Mattel helped define gender norms with Barbie and Ken. Now it's defying them with 'gender inclusive' dolls.

The Mattel toy company launched the Creatable World customizable doll line Wednesdy, Sept. 25, 2019. It allows children to create what the company calls "gender inclusive" dolls.

The toy aisle is catching up to the idea that not all kids want to play within the pink and blue boundaries of gender-specific playthings.

On Wednesday, Mattel launched its first line of what it calls "gender inclusive dolls," in which the figures in both form and fashion are not coded as stereotypically male or female. The dolls come with a kit that includes wigs with long and short hairstyles and clothing options like skirts, jeans, leggings and denim jackets.

The six dolls in Mattel's new "Creatable World" line also come in different skin tones. Each kit retails for $30.

"Toys are a reflection of culture and as the world continues to celebrate the positive impact of inclusivity, we felt it was time to create a doll line free of labels," Kim Culmone, senior vice president of Mattel fashion doll design said in a statement Wednesday. "Through research, we heard that kids don't want their toys dictated by gender norms. This line allows all kids to express themselves freely which is why it resonates so strongly with them. We're hopeful Creatable World will encourage people to think more broadly about how all kids can benefit from doll play."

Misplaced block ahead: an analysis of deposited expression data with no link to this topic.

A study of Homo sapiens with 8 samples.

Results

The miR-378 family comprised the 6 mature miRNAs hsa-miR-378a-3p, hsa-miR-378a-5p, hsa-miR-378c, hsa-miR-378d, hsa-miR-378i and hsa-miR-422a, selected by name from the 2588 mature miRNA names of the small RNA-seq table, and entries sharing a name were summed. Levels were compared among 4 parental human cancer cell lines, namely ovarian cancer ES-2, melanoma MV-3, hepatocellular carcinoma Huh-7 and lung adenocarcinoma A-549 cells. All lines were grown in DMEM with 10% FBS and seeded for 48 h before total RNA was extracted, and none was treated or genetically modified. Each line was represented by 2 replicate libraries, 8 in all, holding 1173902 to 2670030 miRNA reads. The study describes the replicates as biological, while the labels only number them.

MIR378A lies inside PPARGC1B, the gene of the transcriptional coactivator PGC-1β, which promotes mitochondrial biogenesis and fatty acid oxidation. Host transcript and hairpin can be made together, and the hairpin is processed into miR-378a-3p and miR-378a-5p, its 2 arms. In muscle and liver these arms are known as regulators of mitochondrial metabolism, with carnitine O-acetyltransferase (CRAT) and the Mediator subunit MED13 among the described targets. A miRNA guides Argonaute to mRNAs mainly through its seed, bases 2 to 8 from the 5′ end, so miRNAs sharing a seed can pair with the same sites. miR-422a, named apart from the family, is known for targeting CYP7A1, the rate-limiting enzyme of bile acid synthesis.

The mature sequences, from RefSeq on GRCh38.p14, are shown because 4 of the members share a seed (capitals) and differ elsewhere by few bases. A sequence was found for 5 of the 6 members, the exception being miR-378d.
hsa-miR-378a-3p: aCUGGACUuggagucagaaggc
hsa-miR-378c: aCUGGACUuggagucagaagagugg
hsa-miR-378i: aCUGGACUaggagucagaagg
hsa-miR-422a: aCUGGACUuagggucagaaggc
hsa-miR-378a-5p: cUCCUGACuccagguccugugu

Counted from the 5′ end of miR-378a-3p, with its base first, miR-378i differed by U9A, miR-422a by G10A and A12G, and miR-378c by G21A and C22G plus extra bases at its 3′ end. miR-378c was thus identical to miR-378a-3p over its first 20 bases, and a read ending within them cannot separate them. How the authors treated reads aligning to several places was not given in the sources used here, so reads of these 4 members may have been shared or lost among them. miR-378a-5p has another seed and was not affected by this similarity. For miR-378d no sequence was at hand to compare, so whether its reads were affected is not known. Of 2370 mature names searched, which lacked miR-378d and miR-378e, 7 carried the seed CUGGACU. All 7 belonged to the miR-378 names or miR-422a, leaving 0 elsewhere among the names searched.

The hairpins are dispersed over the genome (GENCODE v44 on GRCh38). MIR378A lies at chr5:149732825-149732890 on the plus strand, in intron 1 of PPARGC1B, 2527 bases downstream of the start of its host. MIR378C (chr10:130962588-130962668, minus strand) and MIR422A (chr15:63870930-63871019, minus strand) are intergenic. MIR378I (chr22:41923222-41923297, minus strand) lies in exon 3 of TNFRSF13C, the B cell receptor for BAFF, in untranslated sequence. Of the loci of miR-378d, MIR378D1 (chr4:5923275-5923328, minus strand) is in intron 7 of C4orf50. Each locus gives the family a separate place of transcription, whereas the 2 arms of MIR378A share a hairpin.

The dolls are a departure from some of Mattel's best-known creations, such as Barbie, which in the past few decades has been criticized for idealizing a narrow view of femininity and promoting unrealistic beauty standards. Even with tweaks, like a more typical body shape and the promotion of STEM-related careers (being a fashionista and an astrophysicist are no longer mutually exclusive in Barbie's world), some of the most popular toys marketed to grade-school-age children were either adults or babies.

The Creatable World dolls, meanwhile, more closely resemble their preadolescent target market: There's no makeup, facial hair, bosoms or broad shoulders.

The company first started developing the new line two years ago, and it was tested by more than 250 families in cities around the United States - a larger than typical pool, according to Mattel.

Mattel is the first toy manufacturer of its size to create a line of dolls that aren't specifically gendered, but gender-neutral toys and kid's products are becoming an increasingly visible part of the market targeted at young consumers (or the adults who buy for them).

In 2015, Target said it would end labeling toys and bedding as specifically "girl" or "boy." Two years later, Amazon removed "boys" and "girls" from its toy search categories. (Amazon founder and CEO Jeff Bezos owns The Washington Post.) While the move to sell toys and market beyond traditional gender binaries is still growing in the United States, countries such as Sweden have had non-gendered toys and classroom setups for years.